Bayer’s recently approved weekly hemophilia treatment Jivi gives patients far more flexibility than those that need to be taken every day or so. It is proving to be less beneficial to more than 225 workers at Bayer’s complex in California that produces the drug.
The German drugmaker acknowledged on Wednesday that it is laying off workers at the facility in Berkeley as it reorganizes the manufacturing of its hemophilia factor VIII replacement therapies to gain efficiencies.
"This site is responsible for producing all three of Bayer’s rFVIII therapies, including Jivi, which was recently approved in the U.S. and Japan," Bayer said in an emailed statement. "Our transition into commercial production with three products has resulted in the need for organizational changes to enable these efficiencies, and today we notified 227 employees that their positions were being eliminated as part of this reorganization."
Bayer said the cuts will not affect availability of any of its products.
Jivi enters a market far more complicated than when Bayer began developing it in 2010. Its dosing is flexible. In trials, it was given either twice per week, once every five days or once every seven days, or on-demand when patients had bleeds. But Jivi faces competition from treatments sold by Shire and Sanofi, which just completed its $11.9 billion buyout of hemophilia-focused Bioverativ. Meanwhile, sales of Bayer's two other treatments, Kogenate and Kovaltry, have fallen in recent quarters.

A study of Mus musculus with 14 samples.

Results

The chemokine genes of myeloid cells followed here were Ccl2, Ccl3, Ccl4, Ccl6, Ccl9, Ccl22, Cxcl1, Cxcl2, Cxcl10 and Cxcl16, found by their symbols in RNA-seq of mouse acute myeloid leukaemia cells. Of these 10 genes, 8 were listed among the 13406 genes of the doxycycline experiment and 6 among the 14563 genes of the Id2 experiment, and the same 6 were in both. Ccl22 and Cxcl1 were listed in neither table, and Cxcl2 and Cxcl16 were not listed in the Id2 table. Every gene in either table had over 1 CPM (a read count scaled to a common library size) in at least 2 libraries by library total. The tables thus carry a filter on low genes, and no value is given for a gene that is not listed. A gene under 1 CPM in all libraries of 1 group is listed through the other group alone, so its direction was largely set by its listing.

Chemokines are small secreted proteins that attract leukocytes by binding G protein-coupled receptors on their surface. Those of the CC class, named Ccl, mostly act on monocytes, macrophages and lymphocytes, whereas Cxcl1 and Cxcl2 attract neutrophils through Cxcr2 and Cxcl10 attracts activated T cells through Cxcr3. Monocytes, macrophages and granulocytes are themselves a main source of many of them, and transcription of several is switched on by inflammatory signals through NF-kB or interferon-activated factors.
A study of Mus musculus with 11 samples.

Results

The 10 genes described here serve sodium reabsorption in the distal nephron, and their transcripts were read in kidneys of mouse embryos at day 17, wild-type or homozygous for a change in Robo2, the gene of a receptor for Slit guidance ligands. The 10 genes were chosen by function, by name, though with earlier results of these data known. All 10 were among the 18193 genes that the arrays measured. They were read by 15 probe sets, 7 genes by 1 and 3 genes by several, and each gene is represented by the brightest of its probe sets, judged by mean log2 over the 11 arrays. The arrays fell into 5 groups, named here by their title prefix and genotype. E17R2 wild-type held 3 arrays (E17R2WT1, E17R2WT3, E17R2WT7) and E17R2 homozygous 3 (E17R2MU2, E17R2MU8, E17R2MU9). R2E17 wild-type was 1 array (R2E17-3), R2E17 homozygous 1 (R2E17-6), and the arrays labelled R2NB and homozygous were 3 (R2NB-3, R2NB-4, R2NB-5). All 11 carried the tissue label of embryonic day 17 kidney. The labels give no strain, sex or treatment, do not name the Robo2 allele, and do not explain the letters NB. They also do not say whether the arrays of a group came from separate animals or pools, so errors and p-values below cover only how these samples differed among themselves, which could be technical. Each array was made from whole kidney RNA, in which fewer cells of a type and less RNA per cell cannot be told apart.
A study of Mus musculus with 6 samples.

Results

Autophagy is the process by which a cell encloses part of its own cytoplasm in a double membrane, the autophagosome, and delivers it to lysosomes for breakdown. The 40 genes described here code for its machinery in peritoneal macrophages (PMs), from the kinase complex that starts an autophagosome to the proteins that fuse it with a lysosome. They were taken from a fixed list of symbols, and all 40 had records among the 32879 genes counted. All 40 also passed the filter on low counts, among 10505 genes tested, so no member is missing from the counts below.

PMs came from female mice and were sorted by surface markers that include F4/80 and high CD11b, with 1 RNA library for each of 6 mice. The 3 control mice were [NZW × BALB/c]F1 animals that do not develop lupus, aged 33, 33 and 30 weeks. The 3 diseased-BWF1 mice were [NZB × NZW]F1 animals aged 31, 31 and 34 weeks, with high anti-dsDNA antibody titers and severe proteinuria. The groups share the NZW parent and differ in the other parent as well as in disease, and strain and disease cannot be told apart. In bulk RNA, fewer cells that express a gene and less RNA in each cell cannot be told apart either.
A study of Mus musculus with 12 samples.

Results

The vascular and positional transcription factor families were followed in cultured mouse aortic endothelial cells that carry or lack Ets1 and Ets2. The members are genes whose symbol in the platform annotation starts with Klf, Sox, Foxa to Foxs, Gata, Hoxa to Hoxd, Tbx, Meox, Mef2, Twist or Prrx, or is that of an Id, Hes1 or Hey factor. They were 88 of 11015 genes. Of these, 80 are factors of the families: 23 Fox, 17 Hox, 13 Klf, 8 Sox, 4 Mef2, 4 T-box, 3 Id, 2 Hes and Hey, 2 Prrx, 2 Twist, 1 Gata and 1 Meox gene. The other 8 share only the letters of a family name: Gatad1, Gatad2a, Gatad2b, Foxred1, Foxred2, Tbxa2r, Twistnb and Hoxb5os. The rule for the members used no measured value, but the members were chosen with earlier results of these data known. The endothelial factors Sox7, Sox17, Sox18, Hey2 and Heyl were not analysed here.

More daunting is Roche’s antibody-based treatment Hemlibra, which last year scored approval to treat patients who've developed factor VIII inhibitors after using replacement therapies. Analysts believe the drug will pull in $2 billion by 2025. Today it nabbed an FDA approval for all aged patients without those inhibitors.
The layoffs in Berkeley, where Bayer had more than 1,300 employees before the cuts, come after big expansions to its hemophilia treatment manufacturing there and in Germany. In 2015, it pledged $100 million to expand its biologics manufacturing operation in Berkeley and research base in San Francisco. That U.S. investment came after it began investing in a $700 million initiative to build new hemophilia-focused manufacturing operations in Germany.